In order to provide changes in an iterative and incremental manner, we should always seek to create smaller merge requests.
Engineers are a vital part of a feedback cycle with product management to design an MVC as engineers understand the technical challenges that additional behaviours/edge cases have on the effort to ship something. You should always attempt to provide feedback as early as possible to product management if you can see opportunity to cut scope and deliver a smaller change no matter where you are at in the planning/development lifecycle.
Consider extracting edge-cases that aren't an impediment to introducing the smallest working piece of functionality into follow-up issues. This will save the merge request from growing during a review. The follow-up issues are also useful for distributing the work among the team when the issue turned out to be more complex than expected.
Refactorings that require a complex approach can be introduced separately either before the actual changes or as a follow-up in case the quality doesn’t suffer from the introduced changes.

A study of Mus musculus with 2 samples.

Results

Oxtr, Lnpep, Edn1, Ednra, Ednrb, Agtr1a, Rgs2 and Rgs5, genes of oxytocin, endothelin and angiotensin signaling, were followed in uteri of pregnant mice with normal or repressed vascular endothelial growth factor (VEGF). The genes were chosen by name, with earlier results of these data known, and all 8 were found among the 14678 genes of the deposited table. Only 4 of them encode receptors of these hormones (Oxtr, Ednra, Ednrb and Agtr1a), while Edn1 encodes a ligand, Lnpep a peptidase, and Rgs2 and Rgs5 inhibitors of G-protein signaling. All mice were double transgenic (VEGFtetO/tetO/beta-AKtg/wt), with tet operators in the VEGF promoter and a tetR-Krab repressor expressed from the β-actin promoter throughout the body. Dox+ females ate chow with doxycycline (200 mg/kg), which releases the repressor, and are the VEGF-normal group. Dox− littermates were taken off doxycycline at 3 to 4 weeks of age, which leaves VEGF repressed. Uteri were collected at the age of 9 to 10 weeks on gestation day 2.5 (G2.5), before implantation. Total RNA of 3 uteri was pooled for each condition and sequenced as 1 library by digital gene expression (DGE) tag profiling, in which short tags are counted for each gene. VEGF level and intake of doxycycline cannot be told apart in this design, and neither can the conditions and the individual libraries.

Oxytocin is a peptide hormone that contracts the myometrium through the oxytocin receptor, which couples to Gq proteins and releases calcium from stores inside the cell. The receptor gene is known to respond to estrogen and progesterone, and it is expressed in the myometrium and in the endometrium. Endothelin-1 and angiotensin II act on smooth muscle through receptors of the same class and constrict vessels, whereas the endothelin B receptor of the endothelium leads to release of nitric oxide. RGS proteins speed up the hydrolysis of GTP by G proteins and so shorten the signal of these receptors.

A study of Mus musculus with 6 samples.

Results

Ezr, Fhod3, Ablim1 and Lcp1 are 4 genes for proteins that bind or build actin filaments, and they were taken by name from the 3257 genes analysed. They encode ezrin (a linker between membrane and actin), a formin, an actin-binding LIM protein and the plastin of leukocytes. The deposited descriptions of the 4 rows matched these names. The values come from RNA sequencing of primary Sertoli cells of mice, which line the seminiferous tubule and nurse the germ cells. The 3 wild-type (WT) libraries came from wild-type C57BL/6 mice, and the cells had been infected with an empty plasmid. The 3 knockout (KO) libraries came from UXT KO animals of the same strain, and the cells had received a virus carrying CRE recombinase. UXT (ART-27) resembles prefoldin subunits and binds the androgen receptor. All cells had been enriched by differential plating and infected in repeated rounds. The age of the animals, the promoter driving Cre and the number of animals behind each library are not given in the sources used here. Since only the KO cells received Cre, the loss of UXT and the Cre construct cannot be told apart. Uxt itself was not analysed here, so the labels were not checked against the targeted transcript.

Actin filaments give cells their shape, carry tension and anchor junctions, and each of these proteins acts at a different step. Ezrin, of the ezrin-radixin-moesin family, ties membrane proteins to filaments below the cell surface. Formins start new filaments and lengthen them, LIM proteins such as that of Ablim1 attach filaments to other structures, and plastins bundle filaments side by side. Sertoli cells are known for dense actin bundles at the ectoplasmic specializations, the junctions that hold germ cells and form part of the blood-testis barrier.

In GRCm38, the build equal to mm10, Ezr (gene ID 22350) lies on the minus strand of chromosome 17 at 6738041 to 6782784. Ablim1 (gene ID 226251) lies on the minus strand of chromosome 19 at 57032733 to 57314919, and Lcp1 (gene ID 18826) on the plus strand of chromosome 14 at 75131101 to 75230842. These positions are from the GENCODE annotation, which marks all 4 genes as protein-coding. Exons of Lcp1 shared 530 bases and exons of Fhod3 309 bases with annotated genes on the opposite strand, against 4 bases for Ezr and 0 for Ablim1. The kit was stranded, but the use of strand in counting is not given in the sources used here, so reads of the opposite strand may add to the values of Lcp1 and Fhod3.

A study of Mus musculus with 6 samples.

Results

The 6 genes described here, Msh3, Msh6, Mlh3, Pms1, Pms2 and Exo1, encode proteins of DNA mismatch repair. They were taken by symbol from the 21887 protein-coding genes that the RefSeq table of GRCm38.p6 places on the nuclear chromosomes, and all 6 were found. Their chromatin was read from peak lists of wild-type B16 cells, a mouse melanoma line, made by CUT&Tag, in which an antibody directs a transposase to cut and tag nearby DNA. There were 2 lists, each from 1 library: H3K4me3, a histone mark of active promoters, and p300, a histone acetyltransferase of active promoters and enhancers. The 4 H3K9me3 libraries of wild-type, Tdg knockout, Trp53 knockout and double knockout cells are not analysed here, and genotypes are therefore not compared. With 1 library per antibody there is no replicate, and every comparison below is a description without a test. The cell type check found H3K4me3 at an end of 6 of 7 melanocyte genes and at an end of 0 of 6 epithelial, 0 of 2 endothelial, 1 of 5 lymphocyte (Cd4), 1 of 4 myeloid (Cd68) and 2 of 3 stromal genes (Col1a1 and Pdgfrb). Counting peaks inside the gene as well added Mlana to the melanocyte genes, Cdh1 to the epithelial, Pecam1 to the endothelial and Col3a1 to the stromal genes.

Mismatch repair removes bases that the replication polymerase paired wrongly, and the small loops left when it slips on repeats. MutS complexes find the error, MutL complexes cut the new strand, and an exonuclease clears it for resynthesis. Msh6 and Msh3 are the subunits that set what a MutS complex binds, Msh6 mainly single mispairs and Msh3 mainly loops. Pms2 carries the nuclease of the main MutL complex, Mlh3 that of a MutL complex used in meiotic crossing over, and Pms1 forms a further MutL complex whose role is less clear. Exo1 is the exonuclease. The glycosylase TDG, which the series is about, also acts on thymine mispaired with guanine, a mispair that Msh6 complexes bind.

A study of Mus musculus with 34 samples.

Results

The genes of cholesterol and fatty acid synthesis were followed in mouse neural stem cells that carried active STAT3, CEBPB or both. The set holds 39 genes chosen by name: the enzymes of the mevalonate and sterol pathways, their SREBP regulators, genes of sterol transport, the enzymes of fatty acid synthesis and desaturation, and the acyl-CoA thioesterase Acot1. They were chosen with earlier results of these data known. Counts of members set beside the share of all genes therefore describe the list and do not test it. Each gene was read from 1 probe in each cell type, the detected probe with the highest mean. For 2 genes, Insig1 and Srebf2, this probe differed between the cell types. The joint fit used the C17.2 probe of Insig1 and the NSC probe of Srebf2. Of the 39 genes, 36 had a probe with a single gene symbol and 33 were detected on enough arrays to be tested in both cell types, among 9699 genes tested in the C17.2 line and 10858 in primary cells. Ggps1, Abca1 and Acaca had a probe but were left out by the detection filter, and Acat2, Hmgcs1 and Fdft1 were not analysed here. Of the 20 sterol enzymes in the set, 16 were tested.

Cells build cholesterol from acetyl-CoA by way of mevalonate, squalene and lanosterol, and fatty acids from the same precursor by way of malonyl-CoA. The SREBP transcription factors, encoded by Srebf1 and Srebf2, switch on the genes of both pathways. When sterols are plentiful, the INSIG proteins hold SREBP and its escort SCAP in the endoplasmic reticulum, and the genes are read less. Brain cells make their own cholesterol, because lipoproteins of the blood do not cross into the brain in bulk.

If your issue/merge request description or comment says "First we should do this, make sure that works, refine this", it is also a sign of a possible split that happens before work even begins. In general, if an engineer is following the "one commit, one logical change" model, then each commit can potentially be a separate merge request.
Developers sometimes think of Horizontal slicing as the only option to create small merge requests. They separate their changes along horizontal, tech-stack-based lines: splitting out database changes from backend changes from frontend changes (and so on). However, this approach doesn't always mean it will be more efficient and can make it difficult for reviewers to provide meaningful feedback when reviewing the separate layers if they cannot see the complete picture and as such adds additional risk of merging code without easily seeing the full context. Before starting the work on an merge request that involves multiple layers of the stack, consider having a conversation with your team around which approach will work best.